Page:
Another excellent day on the cactus spotting & photography side. Not such good news on the computer front – the image viewer that I use – ACDSee v2,5 Pro refused to work after I left it down loading images using the newly acquired DC converter in the hot car while I was adding more pictures on the even hotter outside. I eventually managed to down load the images using Windows picture downloader, but it does not have the nice feature of renaming the files with their date stamp, which, when using three cameras with synchronised time stamps, comes in very useful in ordering and sorting the images (again over 600 today).
So in desperation I deleted the software and installed V2 that I had still on my HD as a trial version. It says it has just one day left, so we’ll see what happens tomorrow.
The other down side is that the internet connection in the hotel in Monclova does not work from the room that we have this time – can’t remember if it worked last week when we stayed here.
So here is the summary version of today’s events, mainly from memory rather than from a quick review of the images.
We took Mex 30 from Gomez Palacio, through its neighbour Torreon towards Cuatrocienegas, a name that I remember fondly from many January nights selecting orders from Mesa Garden seed lists. We made ten stops S1838 to S1847 incl. and the highlights in descending order were finding Ariocarpus kotschoubeyanus (lots!!!) A. fissuratus (a.k.a. Fizz) (not quite so many), Astrophytum capricorne, here in flower, as if to celebrate Easter Mexican style and again, as if to celebrate Easter or today’s changing of the clocks to Summer time, all the Opuntia seemed to be out in full bloom and rather stole the show. Disappointments were not finding Agave victoria regineae and Lophophora wiliamsii from stops where in the past they had been reported. In the latter case, many holes in the ground might explain where all the plants in the more obvious places might have gone.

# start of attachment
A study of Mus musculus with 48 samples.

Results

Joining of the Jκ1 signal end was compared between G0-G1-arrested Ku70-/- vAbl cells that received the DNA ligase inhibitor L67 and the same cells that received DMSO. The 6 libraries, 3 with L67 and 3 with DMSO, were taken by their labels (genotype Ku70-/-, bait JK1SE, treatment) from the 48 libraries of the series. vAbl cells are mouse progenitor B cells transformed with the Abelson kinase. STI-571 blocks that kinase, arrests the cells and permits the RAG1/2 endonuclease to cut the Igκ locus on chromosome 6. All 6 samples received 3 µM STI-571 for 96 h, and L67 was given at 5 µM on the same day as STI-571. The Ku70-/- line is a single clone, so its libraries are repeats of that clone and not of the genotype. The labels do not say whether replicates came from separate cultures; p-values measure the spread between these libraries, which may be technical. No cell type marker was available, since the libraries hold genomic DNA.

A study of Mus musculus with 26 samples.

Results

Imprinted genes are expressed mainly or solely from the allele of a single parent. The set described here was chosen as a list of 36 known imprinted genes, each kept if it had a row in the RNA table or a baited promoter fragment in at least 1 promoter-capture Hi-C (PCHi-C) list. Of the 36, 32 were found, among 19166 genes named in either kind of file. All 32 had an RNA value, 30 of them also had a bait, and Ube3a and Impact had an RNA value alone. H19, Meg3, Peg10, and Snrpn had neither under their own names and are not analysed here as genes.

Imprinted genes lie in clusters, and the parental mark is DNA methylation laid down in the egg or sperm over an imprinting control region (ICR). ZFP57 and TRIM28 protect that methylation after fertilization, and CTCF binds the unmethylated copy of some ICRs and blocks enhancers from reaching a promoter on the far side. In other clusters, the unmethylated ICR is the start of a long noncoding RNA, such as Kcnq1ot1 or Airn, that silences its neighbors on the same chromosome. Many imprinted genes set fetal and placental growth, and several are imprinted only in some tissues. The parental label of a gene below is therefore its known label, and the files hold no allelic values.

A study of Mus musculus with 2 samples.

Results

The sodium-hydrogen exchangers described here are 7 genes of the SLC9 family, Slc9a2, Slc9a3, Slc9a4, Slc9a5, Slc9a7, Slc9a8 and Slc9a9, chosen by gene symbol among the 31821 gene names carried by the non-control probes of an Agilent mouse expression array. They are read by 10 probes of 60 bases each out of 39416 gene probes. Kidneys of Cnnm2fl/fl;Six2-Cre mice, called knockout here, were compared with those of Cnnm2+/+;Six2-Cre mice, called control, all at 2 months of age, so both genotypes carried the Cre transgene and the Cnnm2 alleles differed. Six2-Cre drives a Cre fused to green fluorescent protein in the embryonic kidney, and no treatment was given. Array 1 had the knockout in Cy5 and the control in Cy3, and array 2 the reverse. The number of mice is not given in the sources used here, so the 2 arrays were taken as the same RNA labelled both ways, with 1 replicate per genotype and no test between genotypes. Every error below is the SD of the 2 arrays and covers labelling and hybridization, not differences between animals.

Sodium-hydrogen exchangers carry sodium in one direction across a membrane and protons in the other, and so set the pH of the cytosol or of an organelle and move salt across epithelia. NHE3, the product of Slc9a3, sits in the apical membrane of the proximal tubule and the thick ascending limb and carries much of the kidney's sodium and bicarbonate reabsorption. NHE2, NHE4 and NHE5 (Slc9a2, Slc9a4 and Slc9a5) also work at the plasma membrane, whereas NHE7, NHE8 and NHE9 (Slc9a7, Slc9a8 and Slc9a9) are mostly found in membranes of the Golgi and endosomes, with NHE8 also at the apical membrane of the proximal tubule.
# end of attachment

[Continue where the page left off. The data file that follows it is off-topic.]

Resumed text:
There were many more interesting cacti & other succulents, some new to me, to be added to my taxa tick list such as Foquieria shrieve, that has its white flowers along the length of its stems, instead of the traditional cluster at the tips as seen in F. splendens. Some will need some looking up, such as Grusonia bradtiana, which has been moved to one of the other genera when Opuntia was split up. These plants fill the niche that Miquelopuntia miquelii fills in Chile.
A wonderful day that will take several days back in the UK to put into order.
Now let’s hope that tomorrow I can get an internet connection and send this report and some of the pictures.